Airbnb has a surprisingly good reason to join the streaming wars

Not another one.
Not another one.
Image: Hannibal Hanschke/Reuters

The company would join the ranks of Apple, Disney, and even Walmart, all of which have also announced plans to create original content for their respective streaming platforms, in taking on current streaming original-content leaders Netflix and Amazon. Airbnb is privately valued at $31 billion and is gearing up for an IPO next year.

In a statement to Quartz, Airbnb’s chief policy and communications executive, Chris Lehane, said that the company is currently “in the R+D phase,” adding that it’s “not looking to create a traditional 20th century model” and is “focused on finding and supporting the kind of tastemaker content—like the Airbnb Magazine—that is consistent with our mission of belonging.”

Airbnb hasn’t taken any actions that would help clarify what it means by this corporate-speak, but an anonymous source told Reuters that CEO Brian Chesky wants the company to be “travel-everything.” And indeed, it seems like focusing on travel programming specifically would be a natural move for the company, and perhaps help sway skeptics that have ethical concerns about its relationship with locals, or safety concerns about staying in strangers’ homes. What’s more, there seems to an audience for travel programming, considering the success of the late Anthony Bourdain’s Parts Unknown on CNN and Netflix, and the development of standalone networks like the Travel Channel.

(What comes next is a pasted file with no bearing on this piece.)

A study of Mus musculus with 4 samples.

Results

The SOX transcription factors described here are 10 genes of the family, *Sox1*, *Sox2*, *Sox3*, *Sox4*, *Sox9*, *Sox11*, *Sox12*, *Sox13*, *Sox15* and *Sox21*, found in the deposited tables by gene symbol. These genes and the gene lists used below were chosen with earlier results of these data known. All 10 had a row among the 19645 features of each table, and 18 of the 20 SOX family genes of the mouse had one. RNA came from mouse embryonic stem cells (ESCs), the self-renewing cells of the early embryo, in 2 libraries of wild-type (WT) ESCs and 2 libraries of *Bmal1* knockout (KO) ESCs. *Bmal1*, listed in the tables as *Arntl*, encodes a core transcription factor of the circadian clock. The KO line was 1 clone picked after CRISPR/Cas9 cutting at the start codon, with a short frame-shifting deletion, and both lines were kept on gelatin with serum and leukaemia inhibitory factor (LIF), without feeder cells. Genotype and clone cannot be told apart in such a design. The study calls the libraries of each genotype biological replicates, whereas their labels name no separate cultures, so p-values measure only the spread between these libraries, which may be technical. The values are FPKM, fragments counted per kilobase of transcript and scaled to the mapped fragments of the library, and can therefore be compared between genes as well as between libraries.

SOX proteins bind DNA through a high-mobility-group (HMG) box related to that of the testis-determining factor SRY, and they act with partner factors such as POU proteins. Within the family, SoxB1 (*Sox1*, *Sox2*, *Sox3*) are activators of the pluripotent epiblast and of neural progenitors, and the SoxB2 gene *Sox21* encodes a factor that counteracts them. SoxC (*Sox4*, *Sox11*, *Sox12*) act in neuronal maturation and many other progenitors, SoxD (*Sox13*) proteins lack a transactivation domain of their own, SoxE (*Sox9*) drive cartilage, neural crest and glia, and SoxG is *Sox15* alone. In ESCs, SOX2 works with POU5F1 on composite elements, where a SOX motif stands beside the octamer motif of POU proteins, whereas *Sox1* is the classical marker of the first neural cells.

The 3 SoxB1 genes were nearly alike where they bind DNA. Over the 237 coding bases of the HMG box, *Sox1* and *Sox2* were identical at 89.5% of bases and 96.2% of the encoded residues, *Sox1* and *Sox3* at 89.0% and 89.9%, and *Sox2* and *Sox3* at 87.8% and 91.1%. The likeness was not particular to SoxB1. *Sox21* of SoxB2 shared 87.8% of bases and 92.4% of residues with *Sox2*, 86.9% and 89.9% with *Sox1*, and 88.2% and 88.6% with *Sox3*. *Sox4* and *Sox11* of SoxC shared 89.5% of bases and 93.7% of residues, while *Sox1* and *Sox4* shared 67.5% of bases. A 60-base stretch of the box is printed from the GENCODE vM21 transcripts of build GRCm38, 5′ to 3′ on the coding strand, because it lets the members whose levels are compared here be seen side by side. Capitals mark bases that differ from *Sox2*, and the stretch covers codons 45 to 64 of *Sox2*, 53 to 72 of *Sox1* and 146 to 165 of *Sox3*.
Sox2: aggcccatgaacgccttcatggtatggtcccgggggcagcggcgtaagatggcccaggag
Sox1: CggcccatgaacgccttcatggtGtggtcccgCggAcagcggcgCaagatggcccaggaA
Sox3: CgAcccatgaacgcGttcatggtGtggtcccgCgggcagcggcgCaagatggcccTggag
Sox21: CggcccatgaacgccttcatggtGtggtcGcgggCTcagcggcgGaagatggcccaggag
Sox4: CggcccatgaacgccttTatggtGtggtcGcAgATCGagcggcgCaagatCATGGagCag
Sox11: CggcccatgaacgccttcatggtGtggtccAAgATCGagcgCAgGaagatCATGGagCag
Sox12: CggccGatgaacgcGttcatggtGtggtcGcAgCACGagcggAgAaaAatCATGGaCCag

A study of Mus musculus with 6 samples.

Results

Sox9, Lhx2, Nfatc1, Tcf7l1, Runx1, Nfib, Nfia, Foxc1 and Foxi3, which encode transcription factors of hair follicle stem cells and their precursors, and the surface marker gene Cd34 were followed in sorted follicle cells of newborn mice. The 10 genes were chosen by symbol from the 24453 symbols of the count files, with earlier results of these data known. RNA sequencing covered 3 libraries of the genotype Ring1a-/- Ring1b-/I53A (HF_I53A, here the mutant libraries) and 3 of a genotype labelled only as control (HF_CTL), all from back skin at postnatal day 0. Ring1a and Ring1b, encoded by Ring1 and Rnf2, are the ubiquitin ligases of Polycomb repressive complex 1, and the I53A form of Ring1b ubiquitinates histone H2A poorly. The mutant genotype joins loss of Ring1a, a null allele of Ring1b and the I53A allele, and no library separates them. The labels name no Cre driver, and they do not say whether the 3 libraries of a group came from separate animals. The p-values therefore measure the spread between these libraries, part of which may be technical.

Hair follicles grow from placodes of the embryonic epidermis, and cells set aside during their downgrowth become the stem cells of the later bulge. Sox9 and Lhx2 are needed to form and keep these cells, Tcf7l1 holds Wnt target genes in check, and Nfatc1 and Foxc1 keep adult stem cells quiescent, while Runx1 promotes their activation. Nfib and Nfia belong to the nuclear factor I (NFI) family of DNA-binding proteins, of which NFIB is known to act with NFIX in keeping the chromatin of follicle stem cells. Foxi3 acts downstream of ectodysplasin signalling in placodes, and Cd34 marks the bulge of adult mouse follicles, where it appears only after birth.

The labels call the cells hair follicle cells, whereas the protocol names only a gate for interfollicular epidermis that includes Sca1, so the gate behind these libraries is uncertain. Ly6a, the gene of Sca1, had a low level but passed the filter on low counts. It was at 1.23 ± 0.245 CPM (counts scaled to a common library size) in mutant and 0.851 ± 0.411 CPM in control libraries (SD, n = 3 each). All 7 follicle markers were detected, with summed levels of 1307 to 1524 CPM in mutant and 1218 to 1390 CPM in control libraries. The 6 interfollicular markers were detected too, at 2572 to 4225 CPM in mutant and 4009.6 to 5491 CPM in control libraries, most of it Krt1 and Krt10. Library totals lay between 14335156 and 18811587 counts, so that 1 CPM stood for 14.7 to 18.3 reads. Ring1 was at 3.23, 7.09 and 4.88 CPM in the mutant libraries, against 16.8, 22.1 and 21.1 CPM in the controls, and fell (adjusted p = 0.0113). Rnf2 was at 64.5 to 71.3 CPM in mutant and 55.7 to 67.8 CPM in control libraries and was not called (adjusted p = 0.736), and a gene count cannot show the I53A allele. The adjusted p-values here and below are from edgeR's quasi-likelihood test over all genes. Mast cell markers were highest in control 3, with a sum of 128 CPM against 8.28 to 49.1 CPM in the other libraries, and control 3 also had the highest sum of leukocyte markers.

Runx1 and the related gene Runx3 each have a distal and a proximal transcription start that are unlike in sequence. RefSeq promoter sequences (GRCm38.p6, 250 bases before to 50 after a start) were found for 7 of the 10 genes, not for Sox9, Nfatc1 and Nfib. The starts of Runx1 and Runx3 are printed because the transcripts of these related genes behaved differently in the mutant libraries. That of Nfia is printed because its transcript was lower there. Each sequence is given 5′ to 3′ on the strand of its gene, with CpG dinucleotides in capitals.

Airbnb is not new to content creation. The magazine referenced by Lehane has been published by Hearst since 2017, and is a “collaborative effort” between the publisher and the hospitality company, according to Hearst. Additionally, Airbnb announced just last week that a documentary it funded, developed, and produced called Gay Chorus Deep South, is set to premiere at next week’s Tribeca Film Festival in New York. The company also did work—although it’s unclear what kind, exactly—on a travel and real estate docuseries called Home, set to run on Apple’s recently announced streaming service.

Creating original content and “storytelling” is a popular branding strategy, with companies from Tinder to WeWork producing original video and editorial content as a way to market their brands. If anything, Airbnb’s content play could help the company build its 500 million-strong user base and help further differentiate it from competitors like Booking.com and Expedia.